House passes $25B USPS funding bill to block changes ahead of election


FILE – In this Tuesday, Aug. 18, 2020, file photo, a person drops applications for mail-in-ballots into a mail box in Omaha, Neb. U.S. Postal Service warnings that it can’t guarantee ballots sent by mail will arrive on time have put a spotlight on the narrow timeframes most states allow to request and return those ballots. (AP Photo/Nati Harnik, File)

WASHINGTON (NewsNation) — The US House of Representatives on Saturday passed a bill to provide $25 billion in funding for the U.S. Postal Service and block operational changes that have slowed down service ahead of the election.

The proposal passed mostly along party lines, 257-150, with 231 Democrats and 26 Republicans voting in favor of the bill.

The “Delivering for America Act” bans any operational changes this year that would slow down the mail-in voting process.

The House held a rare Saturday session to address mail delivery disruptions, launching a debate on legislation that would reverse recent changes in USPS operations ahead of the November election.

Speaker Nancy Pelosi recalled lawmakers to Washington over objections from Republicans who decried the session as a stunt.

President Donald Trump often rails against mail-in ballots, including in a Saturday tweet, and has said he wants to block extra funds for the Postal Service.

“Don’t pay any attention to what the president is saying, because it is all designed to suppress the vote,” Pelosi said during a press conference at the Capitol.

Speaker Nancy Pelosi said the Postal Service will be “election central” in a highly unusual election year as millions of Americans are expected to opt for mail-in ballots to avoid polling places during the coronavirus pandemic.

“We are here today because our democracy is being eroded by this administration,” said Rep. Jim McGovern, D-Mass., the chairman of the rules committee, opening debate.

He argued President Donald Trump is trying to halt mail-in ballots, afraid that so many Americans will vote he could lose the White House.

But Republicans countered that complaints about mail delivery disruptions are overblown, and no emergency funding is needed right now.

“Do we need that money? Absolutely no,” said Rep. Tom Cole, R-Okla. “It’s a silly, silly bill.”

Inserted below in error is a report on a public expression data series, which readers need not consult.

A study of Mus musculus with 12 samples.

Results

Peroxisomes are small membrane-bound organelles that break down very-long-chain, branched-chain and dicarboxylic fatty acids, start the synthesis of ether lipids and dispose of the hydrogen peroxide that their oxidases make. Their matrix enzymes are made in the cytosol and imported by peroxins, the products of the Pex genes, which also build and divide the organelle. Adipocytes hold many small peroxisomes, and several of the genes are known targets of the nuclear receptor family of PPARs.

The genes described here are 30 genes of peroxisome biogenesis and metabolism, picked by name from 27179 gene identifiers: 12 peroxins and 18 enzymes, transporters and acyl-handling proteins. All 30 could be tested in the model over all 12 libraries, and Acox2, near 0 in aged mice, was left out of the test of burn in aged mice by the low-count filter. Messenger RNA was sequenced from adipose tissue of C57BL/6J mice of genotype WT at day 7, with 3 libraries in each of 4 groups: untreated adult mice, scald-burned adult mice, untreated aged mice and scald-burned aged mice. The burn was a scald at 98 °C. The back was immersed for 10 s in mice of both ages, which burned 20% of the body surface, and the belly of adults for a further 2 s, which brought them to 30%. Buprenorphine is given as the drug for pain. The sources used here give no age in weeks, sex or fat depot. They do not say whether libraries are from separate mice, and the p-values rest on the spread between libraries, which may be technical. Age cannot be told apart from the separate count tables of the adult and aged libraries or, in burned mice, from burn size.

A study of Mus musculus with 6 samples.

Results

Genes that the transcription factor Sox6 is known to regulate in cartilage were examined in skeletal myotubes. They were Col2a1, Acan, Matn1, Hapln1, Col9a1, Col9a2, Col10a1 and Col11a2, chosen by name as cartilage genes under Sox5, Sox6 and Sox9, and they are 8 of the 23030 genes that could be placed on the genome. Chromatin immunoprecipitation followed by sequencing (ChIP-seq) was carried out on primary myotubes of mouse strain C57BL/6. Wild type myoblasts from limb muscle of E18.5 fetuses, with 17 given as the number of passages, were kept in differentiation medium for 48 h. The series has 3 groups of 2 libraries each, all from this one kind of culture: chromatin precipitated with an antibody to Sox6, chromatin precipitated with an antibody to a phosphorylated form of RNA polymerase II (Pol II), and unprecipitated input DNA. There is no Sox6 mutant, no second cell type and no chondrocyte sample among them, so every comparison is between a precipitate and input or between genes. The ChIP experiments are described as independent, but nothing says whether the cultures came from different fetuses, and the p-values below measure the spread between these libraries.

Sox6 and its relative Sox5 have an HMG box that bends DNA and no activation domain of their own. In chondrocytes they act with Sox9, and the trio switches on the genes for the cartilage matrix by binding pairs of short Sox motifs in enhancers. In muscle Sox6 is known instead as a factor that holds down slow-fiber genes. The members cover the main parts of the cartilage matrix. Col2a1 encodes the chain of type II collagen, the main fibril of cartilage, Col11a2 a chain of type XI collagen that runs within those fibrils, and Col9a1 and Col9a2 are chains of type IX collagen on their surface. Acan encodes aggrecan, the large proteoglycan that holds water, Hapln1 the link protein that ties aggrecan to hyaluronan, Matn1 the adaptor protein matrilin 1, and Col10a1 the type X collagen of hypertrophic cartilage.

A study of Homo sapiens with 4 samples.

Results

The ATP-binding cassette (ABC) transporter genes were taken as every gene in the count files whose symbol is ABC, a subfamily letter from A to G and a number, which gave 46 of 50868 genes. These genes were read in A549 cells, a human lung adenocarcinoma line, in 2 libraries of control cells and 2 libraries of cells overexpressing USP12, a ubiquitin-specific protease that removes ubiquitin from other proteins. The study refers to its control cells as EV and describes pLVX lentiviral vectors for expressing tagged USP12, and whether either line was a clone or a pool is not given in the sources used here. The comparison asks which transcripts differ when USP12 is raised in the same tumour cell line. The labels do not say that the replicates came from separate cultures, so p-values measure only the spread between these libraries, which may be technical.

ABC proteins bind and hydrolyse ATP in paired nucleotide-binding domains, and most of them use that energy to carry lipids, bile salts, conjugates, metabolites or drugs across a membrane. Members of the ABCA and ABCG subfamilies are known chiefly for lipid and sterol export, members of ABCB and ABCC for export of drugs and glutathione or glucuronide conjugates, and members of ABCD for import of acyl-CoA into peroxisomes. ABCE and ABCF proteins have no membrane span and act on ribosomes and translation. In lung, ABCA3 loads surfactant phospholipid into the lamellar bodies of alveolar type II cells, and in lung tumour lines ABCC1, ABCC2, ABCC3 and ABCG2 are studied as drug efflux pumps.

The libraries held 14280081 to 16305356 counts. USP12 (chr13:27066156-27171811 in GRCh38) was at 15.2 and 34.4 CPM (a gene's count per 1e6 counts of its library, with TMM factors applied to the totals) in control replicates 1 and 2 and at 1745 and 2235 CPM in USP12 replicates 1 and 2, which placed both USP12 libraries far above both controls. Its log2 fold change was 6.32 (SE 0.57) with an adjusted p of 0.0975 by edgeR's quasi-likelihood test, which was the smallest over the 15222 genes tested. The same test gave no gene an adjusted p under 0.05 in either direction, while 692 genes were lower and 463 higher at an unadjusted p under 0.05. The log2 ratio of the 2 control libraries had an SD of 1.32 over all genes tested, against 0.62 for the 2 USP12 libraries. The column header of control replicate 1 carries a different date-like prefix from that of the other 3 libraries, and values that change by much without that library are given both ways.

The daylong Saturday session comes as an uproar over mail interference puts the Postal Service at the center of the nation’s election year, with Americans rallying around one of the nation’s oldest and more popular institutions.

New Postmaster General Louis DeJoy testified Friday in the Senate that his “No. 1 priority” is to ensure election mail arrives on time.

But the new postal leader, a Trump ally, said he would not restore the cuts to mailboxes and sorting equipment that have already been made. He could not provide senators with a plan for handling the ballot crush for the election.

The Postal Service is “under attack,” said Rep. Carolyn Maloney, D-N.Y., the chair of the Oversight Committee and the bill’s author, in the Democrats’ weekly address.

Democrats remain skeptical the Postal Service has the resources it needs to handle the onslaught of election mail during the pandemic crisis, and are pushing ahead with legislation to be sure.

The bill would reverse the cuts and provide funds to the agency. With the majority, Democrats are expected to easily pass the legislation.

But Republicans are unlikely to sign on, and the bill is certain to stall in the GOP-held Senate.

In a memo to House Republicans, leaders derided the legislation as a postal “conspiracy theory” act.

At the White House, Trump has said he wants to block agency emergency funding that would help the service handle a great increase in mail-in ballots.

Nevertheless, Senate Republican leader Mitch McConnell is eyeing a $10 billion postal rescue as part of the next COVID-19 relief package. The White House has said it would be open to more postal funding as part of a broader bill.

Hundreds of lawmakers are returning to Washington for the weekend session, but dozens will cast votes by proxy under House rules that allow them to stay away during the COVID-19 crisis.

The Postal Service has been struggling financially under a decline in mail volume, COVID-19-related costs and a rare and cumbersome congressional requirement to fund in advance its retiree health care benefits.

For many, the Postal Service provides a lifeline, delivering not just cards and letters but also prescription drugs, financial statements and other items that are especially needed by mail during the pandemic.

The postal board of governors, appointed by Trump, selected DeJoy to take the job as postmaster general. A GOP donor, he previously owned a logistics business that was a longtime Postal Service contractor. He maintains significant financial stakes in companies that do business or compete with the agency, raising conflict of interest questions.

In a statement, the Postal Service said DeJoy has made all required financial disclosures, but he might have to divest some holdings if conflicts arise.

Republicans have long sought changes to have the agency run more like a private company, and Trump often complains the Postal Service should be charging Amazon and other companies higher rates for package deliveries. The founder of Amazon, Jeff Bezos, also owns The Washington Post, a publication that Trump frequently derides as “fake news” over critical stories of him.

Others say the Postal Service is not expected to be solely a money-making enterprise, often delivering to far-flung places where it is not efficient to operate.

The Associated Press contributed to this report.